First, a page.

Planetary #9 entitled "planet fiction" begins with a rocketship, but it isn't just any old rocketship. It's the sort that you find on covers of Astounding Stories or Amazing Stories magazines.
Even though the nods to Grant Morrison are strong in this one, I think it's wise to look at the clues related to the project that the Planetary team invades.
Planet Fiction must be a nod to Planetary Fiction or Planetary Romance, probably the earliest science fiction genre to come about in America, and it covers everything from Flash Gordon to Star Trek and Star Wars. From the clue involving the ship at the beginning, it's not too much of a stretch to say that the "fictitious world" they entered and returned from was in this genre.
Now, it is important to note that the project is concerned with fiction's relationship to their world. It is also important to note that this is a fictional character speaking about fiction in his world to other fictional characters. It's safe to say that "fiction" in a fictional world functions differently than fiction does in our "real" world... unless our world is fictional too.
At this point though, look at the very first work of fiction that founded the entire Planetary Romance genre: Edgar Rice Burrough's A PRINCESS OF MARS. In that, the hero John Carter - a man who's lived so long he can't remember much of his past but has never physically aged past 30 - finds himself somehow transported to Mars - Barsoom to the natives - where he has superhuman strength and whose skill with a sword soon wins him rulership of the entire planet.
It's also important to note that the novel - serialized in magazines like Amazing Stories - is written by a fictional author who claims to have known John Carter since childhood and that this is Carter's story as delivered to him. Already, we are in a strange metafictional space with a fictional story claiming that it is authentic by using the device of a fictional narrator, who is not the protagonist, from the fictional world delivering the story to real readers.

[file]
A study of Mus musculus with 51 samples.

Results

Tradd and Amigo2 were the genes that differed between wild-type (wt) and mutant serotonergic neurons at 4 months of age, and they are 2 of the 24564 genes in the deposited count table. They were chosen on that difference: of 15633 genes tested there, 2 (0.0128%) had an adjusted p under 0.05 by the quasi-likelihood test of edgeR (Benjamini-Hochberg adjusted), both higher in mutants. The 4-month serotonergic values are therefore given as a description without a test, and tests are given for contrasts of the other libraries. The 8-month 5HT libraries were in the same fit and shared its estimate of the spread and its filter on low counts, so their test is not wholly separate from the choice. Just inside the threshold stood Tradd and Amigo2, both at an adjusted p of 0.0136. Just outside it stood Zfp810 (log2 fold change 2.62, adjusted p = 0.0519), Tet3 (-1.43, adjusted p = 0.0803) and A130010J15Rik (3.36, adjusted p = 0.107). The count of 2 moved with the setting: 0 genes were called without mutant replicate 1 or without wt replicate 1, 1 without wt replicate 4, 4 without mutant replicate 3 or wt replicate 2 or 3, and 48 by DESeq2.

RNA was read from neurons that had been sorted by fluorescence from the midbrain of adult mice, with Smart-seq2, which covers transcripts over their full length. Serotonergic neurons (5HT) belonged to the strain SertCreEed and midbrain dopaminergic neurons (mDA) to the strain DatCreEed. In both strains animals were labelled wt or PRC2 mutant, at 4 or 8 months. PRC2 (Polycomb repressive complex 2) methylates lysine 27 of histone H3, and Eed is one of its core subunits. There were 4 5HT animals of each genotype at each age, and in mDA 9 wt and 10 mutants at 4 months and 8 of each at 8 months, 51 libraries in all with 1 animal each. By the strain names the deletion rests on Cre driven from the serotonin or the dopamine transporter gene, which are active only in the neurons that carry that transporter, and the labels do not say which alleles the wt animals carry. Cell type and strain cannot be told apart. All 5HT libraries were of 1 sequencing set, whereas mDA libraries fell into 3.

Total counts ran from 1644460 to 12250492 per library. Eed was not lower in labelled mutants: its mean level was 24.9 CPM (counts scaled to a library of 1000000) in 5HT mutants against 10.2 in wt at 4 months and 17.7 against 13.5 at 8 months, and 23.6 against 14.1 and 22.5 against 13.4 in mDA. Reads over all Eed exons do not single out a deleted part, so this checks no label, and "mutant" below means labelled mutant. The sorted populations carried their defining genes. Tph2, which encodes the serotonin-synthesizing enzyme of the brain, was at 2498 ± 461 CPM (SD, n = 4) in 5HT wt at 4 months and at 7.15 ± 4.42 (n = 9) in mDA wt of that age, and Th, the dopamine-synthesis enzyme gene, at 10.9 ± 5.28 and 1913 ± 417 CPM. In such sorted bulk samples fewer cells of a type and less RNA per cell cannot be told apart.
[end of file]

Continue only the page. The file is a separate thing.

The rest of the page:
It is strange, but it serves to transport the reader into the tale as if it actually occurred. It creates a strange relationship between the story and reality - a "weird" relationship for "weird fiction."
Now, Barsoom is not really like the actual Mars and John Carter's abilities on the planet defy physics. Just as Superman's would much later with much the same explanation. So, it is as if John Carter, in the world of the narrator, found a way to transport himself to a fictional Mars.
In my opinion, this fictional Mars is the world that the project's "fictionauts" visited. And I believe that though he is never named, it is in fact John Carter who was the person that they brought back with them. A swordsman who can defy the laws of physics when he slices them to pieces.
Of all the early pulp predecessors who've shown up in Planetary, Carter is the most obvious omission. Tarzan shows up as do Holmes, Dracula and even Frankenstein in some form. Carter, as mentioned, influenced everything from his contemporaries in Flash Gordon and Buck Rogers to Paul Atreides, Luke Skywalker and later James Cameron's AVATAR. He was one of the most obvious influences on the Golden Age Superman and it's likely he was an influence on Conan, Elric and pretty much every sword and sorcery hero since then.
Also, another Carter provided a weird counterpoint to the Warlord of Mars. Randolph Carter, created by HP Lovecraft, also had the power to travel to strange lands, and Alan Moore even made him the grandson of John Carter in his League of Extraordinary Gentlemen.
The fact that John Carter doesn't appear anywhere else in the series is strange considering how important he was to genre fiction and its history that Planetary deals with. Carter, like Tarzan, was also a much darker hero who followed his own code and would be ruthlessly brutal with anyone who threatened him. The last thing in the world that he wants is to return to Earth even though in later stories, he found the secret to doing that at will. So, the likelihood is that once he determined his captors intentions, he simply went back to his queen and world - the "fiction planet" of Barsoom.